Three-Hour Work Cycle

The Work Cycle – Time Environment

One of the interesting aspects of Montessori education is that Dr. Maria Montessori set up an environment for children in which they revealed characteristics which did not appear under other circumstances. One of these characteristics is the ability to work for long periods of time in unbroken time. The following illustration of a work cycle shows a “primitive curve of ordered work” during a class session that lasts three hours.

The straight line, which represents the three hours, is a base line of no activity. The line above illustrates the length and depth of involvement in constructive activity. The numbered comments below correspond to the numbers in the illustration.

  1. Many children will enter the class and choose something relatively simple and stay with it a short time, almost as if they are re-establishing feelings of competence.
  2. Their next activity is generally more difficult and they stay with it a little longer.
  3. This is followed by “false fatigue”, a time when many children have put their work away and have not as yet selected another activity.  (This is the time when adults often take a coffee break.)
  4. If the teacher allows the children to take the time they need to experience the restlessness of the false fatigue, they will soon settle into their most difficult work choice of the cycle and stay with it the longest period of time. During this time their concentration is the deepest and they make the greatest strides in the development of skills and in the acquisition of knowledge.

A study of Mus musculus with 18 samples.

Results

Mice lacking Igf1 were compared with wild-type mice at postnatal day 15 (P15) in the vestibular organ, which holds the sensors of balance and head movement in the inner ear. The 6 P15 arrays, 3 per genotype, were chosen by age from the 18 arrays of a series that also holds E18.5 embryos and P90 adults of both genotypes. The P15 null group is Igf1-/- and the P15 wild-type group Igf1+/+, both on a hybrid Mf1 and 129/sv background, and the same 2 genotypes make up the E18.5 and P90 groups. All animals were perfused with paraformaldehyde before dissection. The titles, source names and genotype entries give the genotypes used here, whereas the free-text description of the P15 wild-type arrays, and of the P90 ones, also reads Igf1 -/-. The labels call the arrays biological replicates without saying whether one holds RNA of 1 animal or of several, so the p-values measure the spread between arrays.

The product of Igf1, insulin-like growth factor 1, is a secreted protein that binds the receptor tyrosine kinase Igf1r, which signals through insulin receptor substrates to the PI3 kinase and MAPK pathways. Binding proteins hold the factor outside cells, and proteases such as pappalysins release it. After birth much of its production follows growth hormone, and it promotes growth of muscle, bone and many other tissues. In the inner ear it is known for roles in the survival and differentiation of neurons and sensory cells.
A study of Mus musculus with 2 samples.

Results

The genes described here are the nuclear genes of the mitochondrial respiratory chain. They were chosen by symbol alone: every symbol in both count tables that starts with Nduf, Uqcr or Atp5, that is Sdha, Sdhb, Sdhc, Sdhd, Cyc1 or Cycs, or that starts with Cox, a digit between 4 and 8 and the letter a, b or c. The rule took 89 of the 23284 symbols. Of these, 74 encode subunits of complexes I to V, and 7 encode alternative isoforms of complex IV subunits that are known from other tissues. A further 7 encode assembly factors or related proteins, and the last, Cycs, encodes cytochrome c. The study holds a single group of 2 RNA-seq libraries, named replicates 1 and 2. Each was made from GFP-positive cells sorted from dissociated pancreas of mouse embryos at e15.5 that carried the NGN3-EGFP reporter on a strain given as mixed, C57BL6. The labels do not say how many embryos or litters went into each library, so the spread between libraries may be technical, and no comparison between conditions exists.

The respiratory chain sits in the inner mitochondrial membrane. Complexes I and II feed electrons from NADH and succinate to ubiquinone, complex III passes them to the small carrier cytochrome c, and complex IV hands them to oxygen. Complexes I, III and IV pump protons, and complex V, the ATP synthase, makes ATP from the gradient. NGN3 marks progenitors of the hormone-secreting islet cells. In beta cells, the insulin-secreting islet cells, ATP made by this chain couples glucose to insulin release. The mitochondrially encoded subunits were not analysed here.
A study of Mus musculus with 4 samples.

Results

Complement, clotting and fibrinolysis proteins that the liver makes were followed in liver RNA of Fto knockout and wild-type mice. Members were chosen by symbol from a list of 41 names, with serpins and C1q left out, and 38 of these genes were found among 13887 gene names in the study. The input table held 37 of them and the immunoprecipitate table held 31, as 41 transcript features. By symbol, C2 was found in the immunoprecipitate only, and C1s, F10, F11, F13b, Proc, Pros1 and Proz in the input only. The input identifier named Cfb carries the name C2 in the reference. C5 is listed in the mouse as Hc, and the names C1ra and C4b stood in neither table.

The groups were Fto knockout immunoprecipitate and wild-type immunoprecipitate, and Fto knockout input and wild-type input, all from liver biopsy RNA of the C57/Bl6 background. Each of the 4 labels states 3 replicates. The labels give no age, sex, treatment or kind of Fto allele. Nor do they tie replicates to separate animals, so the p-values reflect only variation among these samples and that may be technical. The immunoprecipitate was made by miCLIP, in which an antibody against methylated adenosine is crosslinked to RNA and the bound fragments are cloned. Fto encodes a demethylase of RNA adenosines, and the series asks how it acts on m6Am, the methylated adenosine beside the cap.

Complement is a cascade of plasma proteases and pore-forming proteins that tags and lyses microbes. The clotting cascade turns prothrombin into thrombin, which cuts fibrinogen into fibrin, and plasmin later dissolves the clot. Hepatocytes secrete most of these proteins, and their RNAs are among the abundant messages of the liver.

Dr. Montessori called this the ‘Great work period’.

  1. As the cycle nears its completion, the children put away their work and they appear to be refreshed and relaxed as they talk with one another.

When the time available is less than three hours, the great work period does not occur and the work cycle does not complete itself. To protect themselves from the frustration of having their great work period interrupted, the children either do not choose any work after the false fatigue or they choose something that involves only superficial involvement.

Teachers, who are faced with a time frame that does not allow for a full work cycle in the preschool, generally respond by shortening the children’s work time to the approximate length of time that occurs before false fatigue. This is achieved by having the children begin and end the class session with long group times. Dr. Montessori believed that children of this age learn best through individual work that involves sensorial manipulation of objects; therefore, these large group times do not follow true Montessori principles. In, addition children who have difficulty sitting still, may begin to feel like failures because they cannot manage large group times. Children unable to finish their work cycle may exhibit their frustration by showing unwillingness or a disappointment in having to put their work away.